John Byrne. Photo: Catherine Usher John Byrne. Photo: Catherine Usher

I have decided to bite the bullet and get something made specially. I’ve had a look at showreel makers online and, realistically, all I can afford at the moment is one properly produced scene.

My agent says that’s better than nothing and the sooner the better. Some actor friends have advised me to ‘go all out and make the type of scene I would most like to be in’. Others tell me that, for a first-timer, something less ambitious that reflects my normal casting is best. I also wondered if I should use my own accent or a more regional one, as everybody says accents are one of my strengths.

What would you do if you had just one scene to make and a lot riding on it?

Acting is no different from any other business – you have to invest in good tools. However, not being able to afford all the tools you would like up front is a position many beginners find themselves in.

Once you start shopping around for showreels or any other service for actors, lots of people will try to sell you the benefits of their particular product. There are plenty of competent showreel and self-tape makers around and it is only good business sense on their part to make the best pitches they can. A quick online search or a query on any of the popular acting forums should tell you whether a particular company can deliver on its promises.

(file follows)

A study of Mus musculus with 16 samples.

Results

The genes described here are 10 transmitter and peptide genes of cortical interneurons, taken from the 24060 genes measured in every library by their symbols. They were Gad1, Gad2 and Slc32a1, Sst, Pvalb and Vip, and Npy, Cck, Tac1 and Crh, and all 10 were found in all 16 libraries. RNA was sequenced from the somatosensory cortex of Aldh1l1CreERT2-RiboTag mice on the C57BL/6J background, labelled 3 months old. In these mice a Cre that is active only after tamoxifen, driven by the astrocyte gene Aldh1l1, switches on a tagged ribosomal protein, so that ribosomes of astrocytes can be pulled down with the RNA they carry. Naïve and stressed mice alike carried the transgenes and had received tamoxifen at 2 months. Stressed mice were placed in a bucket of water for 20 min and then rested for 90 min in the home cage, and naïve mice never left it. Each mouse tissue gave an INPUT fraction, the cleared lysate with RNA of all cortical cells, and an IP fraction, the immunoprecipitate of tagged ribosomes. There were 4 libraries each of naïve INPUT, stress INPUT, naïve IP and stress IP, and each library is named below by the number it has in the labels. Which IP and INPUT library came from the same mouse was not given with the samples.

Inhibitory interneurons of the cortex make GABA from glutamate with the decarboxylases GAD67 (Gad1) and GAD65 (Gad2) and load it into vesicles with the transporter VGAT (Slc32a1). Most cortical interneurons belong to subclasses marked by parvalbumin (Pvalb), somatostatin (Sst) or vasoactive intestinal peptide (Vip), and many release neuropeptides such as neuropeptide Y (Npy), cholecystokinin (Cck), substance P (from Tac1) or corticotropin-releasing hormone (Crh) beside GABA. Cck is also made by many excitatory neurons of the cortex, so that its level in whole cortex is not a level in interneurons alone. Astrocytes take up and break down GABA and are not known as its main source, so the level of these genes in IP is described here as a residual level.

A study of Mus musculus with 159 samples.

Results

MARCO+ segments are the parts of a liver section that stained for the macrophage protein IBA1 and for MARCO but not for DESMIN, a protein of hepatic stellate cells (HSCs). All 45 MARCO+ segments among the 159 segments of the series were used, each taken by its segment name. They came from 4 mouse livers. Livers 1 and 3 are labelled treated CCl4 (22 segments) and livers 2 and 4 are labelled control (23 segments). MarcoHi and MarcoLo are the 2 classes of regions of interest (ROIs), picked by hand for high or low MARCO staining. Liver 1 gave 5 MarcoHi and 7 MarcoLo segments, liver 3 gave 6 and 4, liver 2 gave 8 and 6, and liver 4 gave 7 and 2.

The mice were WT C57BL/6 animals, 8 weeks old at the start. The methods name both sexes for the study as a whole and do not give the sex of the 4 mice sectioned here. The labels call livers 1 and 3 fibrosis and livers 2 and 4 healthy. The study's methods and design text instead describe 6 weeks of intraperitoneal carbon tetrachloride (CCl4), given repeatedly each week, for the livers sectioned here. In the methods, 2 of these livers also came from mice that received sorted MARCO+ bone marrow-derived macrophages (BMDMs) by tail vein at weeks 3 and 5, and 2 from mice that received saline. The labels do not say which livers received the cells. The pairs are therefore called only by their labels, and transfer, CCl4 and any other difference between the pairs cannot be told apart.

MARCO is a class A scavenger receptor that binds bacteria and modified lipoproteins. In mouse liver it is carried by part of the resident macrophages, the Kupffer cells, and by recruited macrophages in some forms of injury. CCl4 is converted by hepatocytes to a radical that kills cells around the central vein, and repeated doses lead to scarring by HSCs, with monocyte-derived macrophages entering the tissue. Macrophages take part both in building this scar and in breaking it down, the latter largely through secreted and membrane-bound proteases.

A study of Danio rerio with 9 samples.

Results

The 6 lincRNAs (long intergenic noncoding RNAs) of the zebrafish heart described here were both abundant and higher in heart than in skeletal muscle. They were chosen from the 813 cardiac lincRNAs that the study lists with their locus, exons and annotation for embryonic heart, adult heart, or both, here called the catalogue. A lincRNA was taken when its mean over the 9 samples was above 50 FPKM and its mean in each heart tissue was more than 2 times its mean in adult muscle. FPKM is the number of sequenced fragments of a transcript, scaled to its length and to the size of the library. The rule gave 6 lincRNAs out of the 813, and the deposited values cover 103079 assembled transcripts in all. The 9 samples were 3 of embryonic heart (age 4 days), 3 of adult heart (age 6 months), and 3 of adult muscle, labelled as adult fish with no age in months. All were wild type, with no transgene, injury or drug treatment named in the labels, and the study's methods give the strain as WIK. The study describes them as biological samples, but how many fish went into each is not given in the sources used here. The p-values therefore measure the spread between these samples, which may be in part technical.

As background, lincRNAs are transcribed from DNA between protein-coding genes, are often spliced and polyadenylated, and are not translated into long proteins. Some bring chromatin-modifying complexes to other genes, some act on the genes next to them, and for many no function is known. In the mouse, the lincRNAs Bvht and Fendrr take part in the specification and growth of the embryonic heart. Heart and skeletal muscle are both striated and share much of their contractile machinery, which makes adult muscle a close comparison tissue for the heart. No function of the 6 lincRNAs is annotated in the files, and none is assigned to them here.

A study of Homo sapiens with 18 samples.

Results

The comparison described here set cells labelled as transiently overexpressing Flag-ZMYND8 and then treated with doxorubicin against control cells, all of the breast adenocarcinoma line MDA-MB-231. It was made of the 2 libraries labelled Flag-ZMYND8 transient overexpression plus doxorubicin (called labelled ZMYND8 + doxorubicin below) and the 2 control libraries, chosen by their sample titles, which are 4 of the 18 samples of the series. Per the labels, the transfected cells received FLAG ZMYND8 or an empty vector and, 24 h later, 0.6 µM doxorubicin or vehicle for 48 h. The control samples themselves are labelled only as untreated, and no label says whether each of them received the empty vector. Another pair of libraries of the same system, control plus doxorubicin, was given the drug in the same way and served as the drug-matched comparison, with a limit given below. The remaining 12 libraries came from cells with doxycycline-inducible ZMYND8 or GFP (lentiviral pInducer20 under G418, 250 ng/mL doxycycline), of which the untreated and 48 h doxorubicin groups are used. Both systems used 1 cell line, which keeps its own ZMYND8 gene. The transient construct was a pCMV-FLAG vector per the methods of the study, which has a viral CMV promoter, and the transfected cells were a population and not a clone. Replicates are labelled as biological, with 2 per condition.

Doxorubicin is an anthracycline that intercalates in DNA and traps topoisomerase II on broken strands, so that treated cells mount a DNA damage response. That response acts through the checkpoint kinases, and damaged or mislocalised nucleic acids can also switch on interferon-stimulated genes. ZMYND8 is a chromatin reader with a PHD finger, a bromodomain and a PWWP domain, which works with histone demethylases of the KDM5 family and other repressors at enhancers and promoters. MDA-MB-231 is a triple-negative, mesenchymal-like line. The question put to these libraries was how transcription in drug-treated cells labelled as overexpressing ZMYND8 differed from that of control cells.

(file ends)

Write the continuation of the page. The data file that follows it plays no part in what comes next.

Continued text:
To get the best out of even the better companies and film-makers, the important thing for you is to be clear about your goal for investment. Otherwise, the danger is that you end up with a reel that is ‘nice to have’ rather than one with the best chance of bringing you castings as soon as possible. Obviously, that’s what every actor wants from a reel, but, for a more experienced actor with existing footage to add to or upgrade, other considerations such as demonstrating their range might come into play.

For a first-time reel, the most important thing you need is to be seen doing your best in your most likely casting. For that reason, even though you are good at accents, but would normally work in your native one, that is the best voice to capture on film if you have just one scene to play with.

You can – and should – add other voice examples to your casting profile as audio, at least in the short term. If you do a particular accent well that also fits your casting type, prioritise getting that aspect of your work on to film when you can next afford to add a clip.

While there’s ‘a lot riding on this scene’, don’t get so hung up on it being perfect that it becomes stressful. Do think very carefully about your strongest casting type. Do a survey among (sensible) friends and family, your agent, and anyone in casting you happen to come in contact with. Hopefully, the results won’t vary too wildly from how you see yourself.

Depending on the service you use, you may provide the script or that might be something the film-maker offers as part of the service. Either way, focus less on clever writing and more on whether the scene shows you doing the best acting you can. Then commit to it, rehearse it, and treat it like a real job. That’s by far your best chance of this investment translating into real screen castings in the future.